The mountains call, and you must go. However, a serious case of chafing could make you rethink your decision pretty quickly. Chafing comes from the skin either rubbing against skin, fabric, or another material. It can get bad enough to make an otherwise great adventure a painful endurance event. Thankfully, there are ways to prevent chafing. With simple skin care, good hygiene, and the right gear, you can focus on fun and not a painful, burning rash in places you’d rather not discuss.
Apply a Protective Barrier Before You Go
Your skin can only do so much to protect itself from the heat, perspiration, and friction of an active day on the trail. Help it out by applying a lubricating product to problem areas before you go.
On some areas of the body, it’s easiest to apply a liquid-to-powder product that applies like a lotion and dries to create a friction barrier. This type of product works well on the back of the arms, shoulders, inner thighs, and groin area, where it can be hard to apply stick (deodorant-like) products.
Make Hygiene a Priority (Especially on Multi-Day Hikes)
Perspiration leaves behind salt, which acts as an abrasive on the skin. Add heat and continued perspiration, and you’ve got the perfect combination for chafing. Keep yourself clean as much as possible. You may not have access to a shower or even a lake on a multi-day hike, but it’s worth taking along a washcloth to wipe yourself down at the end of the day. Be sure to thoroughly clean in easily chafed areas.
Keep travel-size cleansers and moisturizers with you, too. Gentle cleansers can keep you clean without irritating the skin. It may not sound outdoorsy, but keep your skin moisturized as well. Dry skin chafes more easily. Apply a day moisturizer on your feet and body to keep the skin strong and flexible. Try a moisturizer like VitalFit’s Day Moisturizer, which includes anti-fungal ingredients to cut down on foot odor and other issues you could encounter after days of perspiring.
Wear Clean, Well-fitted (Moisture-Wicking) Clothes and Gear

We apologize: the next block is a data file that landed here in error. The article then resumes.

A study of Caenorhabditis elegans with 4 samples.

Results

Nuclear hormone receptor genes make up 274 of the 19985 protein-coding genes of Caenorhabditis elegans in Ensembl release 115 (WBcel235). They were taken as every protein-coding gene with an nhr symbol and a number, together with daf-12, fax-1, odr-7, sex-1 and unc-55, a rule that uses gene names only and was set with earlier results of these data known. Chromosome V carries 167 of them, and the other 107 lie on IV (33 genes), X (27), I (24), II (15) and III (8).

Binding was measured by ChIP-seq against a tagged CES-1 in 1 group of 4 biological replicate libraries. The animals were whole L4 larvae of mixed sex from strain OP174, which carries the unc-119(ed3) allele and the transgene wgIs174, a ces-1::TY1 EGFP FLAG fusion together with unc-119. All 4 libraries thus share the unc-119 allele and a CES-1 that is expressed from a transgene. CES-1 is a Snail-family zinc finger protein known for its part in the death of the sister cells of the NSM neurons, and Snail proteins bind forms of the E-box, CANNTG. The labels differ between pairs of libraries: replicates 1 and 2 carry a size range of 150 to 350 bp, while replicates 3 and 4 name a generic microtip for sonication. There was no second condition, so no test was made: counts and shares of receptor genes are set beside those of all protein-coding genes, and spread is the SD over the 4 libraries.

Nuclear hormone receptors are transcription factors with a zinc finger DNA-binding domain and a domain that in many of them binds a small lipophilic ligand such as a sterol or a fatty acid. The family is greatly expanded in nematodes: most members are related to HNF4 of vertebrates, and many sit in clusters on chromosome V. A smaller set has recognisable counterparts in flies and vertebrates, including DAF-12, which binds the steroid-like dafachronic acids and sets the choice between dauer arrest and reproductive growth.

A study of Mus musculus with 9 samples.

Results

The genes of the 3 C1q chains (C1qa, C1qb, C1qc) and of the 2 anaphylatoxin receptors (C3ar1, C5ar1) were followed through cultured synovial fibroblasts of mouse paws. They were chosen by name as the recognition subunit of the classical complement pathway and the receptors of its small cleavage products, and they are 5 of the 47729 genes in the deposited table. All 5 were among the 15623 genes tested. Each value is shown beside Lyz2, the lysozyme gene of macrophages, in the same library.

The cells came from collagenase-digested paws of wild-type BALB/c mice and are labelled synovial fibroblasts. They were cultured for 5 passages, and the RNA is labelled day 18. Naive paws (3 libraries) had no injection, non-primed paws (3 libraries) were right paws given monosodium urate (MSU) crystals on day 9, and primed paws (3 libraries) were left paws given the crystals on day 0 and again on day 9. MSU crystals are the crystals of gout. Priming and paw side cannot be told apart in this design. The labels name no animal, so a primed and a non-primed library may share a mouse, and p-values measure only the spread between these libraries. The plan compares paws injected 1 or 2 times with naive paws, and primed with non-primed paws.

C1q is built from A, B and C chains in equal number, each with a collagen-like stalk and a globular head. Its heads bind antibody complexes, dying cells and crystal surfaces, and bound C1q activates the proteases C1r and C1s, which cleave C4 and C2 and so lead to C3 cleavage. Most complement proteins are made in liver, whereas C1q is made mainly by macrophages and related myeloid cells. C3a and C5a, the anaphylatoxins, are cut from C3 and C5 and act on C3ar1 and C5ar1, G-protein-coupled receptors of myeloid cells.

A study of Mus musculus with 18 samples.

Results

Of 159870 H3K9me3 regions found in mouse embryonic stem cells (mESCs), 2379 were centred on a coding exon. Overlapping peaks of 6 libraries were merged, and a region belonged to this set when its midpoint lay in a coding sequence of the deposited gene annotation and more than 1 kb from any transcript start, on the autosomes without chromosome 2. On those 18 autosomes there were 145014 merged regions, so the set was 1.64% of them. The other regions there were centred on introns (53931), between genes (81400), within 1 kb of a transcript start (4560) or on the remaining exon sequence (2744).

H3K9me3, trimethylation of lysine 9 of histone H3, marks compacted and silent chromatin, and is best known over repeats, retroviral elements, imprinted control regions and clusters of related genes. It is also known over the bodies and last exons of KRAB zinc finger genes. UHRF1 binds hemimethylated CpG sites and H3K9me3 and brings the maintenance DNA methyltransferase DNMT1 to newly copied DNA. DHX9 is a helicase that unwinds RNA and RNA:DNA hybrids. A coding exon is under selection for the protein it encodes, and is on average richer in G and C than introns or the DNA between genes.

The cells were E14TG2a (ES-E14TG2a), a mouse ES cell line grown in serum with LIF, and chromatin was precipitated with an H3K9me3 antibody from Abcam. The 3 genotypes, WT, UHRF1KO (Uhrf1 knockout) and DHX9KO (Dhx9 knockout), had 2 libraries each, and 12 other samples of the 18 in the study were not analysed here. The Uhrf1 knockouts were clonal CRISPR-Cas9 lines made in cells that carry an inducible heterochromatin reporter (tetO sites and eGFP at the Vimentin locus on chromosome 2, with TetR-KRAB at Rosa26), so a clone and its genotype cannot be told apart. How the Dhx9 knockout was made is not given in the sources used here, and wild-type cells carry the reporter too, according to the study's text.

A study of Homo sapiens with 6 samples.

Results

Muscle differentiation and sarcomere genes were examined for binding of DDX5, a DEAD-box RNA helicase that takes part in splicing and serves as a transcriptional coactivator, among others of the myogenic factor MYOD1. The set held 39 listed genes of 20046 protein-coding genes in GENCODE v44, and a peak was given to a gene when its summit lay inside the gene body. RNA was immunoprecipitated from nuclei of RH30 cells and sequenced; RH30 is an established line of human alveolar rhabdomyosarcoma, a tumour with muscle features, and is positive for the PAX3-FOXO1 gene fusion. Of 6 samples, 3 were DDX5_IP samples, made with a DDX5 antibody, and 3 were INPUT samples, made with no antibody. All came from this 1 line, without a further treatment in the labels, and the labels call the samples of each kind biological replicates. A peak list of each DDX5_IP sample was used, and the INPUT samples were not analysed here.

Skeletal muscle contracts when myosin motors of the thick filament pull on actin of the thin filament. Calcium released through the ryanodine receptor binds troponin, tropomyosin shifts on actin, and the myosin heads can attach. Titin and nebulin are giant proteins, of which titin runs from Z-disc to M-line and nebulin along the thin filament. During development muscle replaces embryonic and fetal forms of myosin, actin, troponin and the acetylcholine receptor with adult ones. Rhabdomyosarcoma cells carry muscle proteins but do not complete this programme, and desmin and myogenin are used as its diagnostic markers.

Hiking isn’t a time to wear clothes that cut into your skin or that are oversized. Either can contribute to chafing. Be careful of fit and fabric. You want fitted but not tight, including your socks and underwear.
Skip cotton. Cotton is breathable, but it also absorbs moisture then rubs against the skin. Opt for synthetic fabrics or wool that wick moisture to cool the body.
Watch out for potential irritants in your clothing’s design, like tags and seams. Hiking is popular enough that it’s not hard to find seamless, tagless options in just about everything.
Everything that comes into close contact with your skin can potentially chafe, including your gear. Backpack straps can chafe on your shoulders if they’re not fit properly. Be careful of overloading yourself. If the straps cut into your skin, they can potentially chafe, too.
The amount of salt you perspire is related to your hydration level. Stay hydrated to reduce the amount of salt that stays on your skin. Well-hydrated skin will also stay more flexible and supple, which can also prevent chafing.
The average person needs 64 ounces of water per day. However, conditions and trail difficulty affect how much water you need too. In general, drink two cups of water for every one hour of hiking. More if a difficult hike will make you heavily perspire.
Treat Chafing ASAP
Even with these preventative measures, there’s a chance you could get some chafing. Be prepared. If you let the chafing continue, you could potentially develop blisters or bleeding. That’s a worst-case scenario, but even if the chafing doesn’t go that far, a painful rash is enough to make you miserable.
A cloth or towel to dry (many outdoor stores carry multi-use, quick-drying towels) and your favorite anti-chafing cream or balm (like VitalFit’s Liquid-to-Powder Plus) are a good place to start. Apply loose gauze over the area to stop the rubbing. On multi-day hikes, rinse sweat and dirt out of your clothes. They may still smell, but they’ll be less irritating to the skin. Your goal is to keep yourself as clean and dry as possible.
If the chafing reaches the point where it swells or bleeds, talk to your doctor to discuss treatment options.
Chafing isn’t something you have to live with. It’s preventable with adequate hygiene, protective/lubricating products, and the right clothing and gear options. Prep before you go so that your day on the trail is all about the company and scenery, not painful chafing.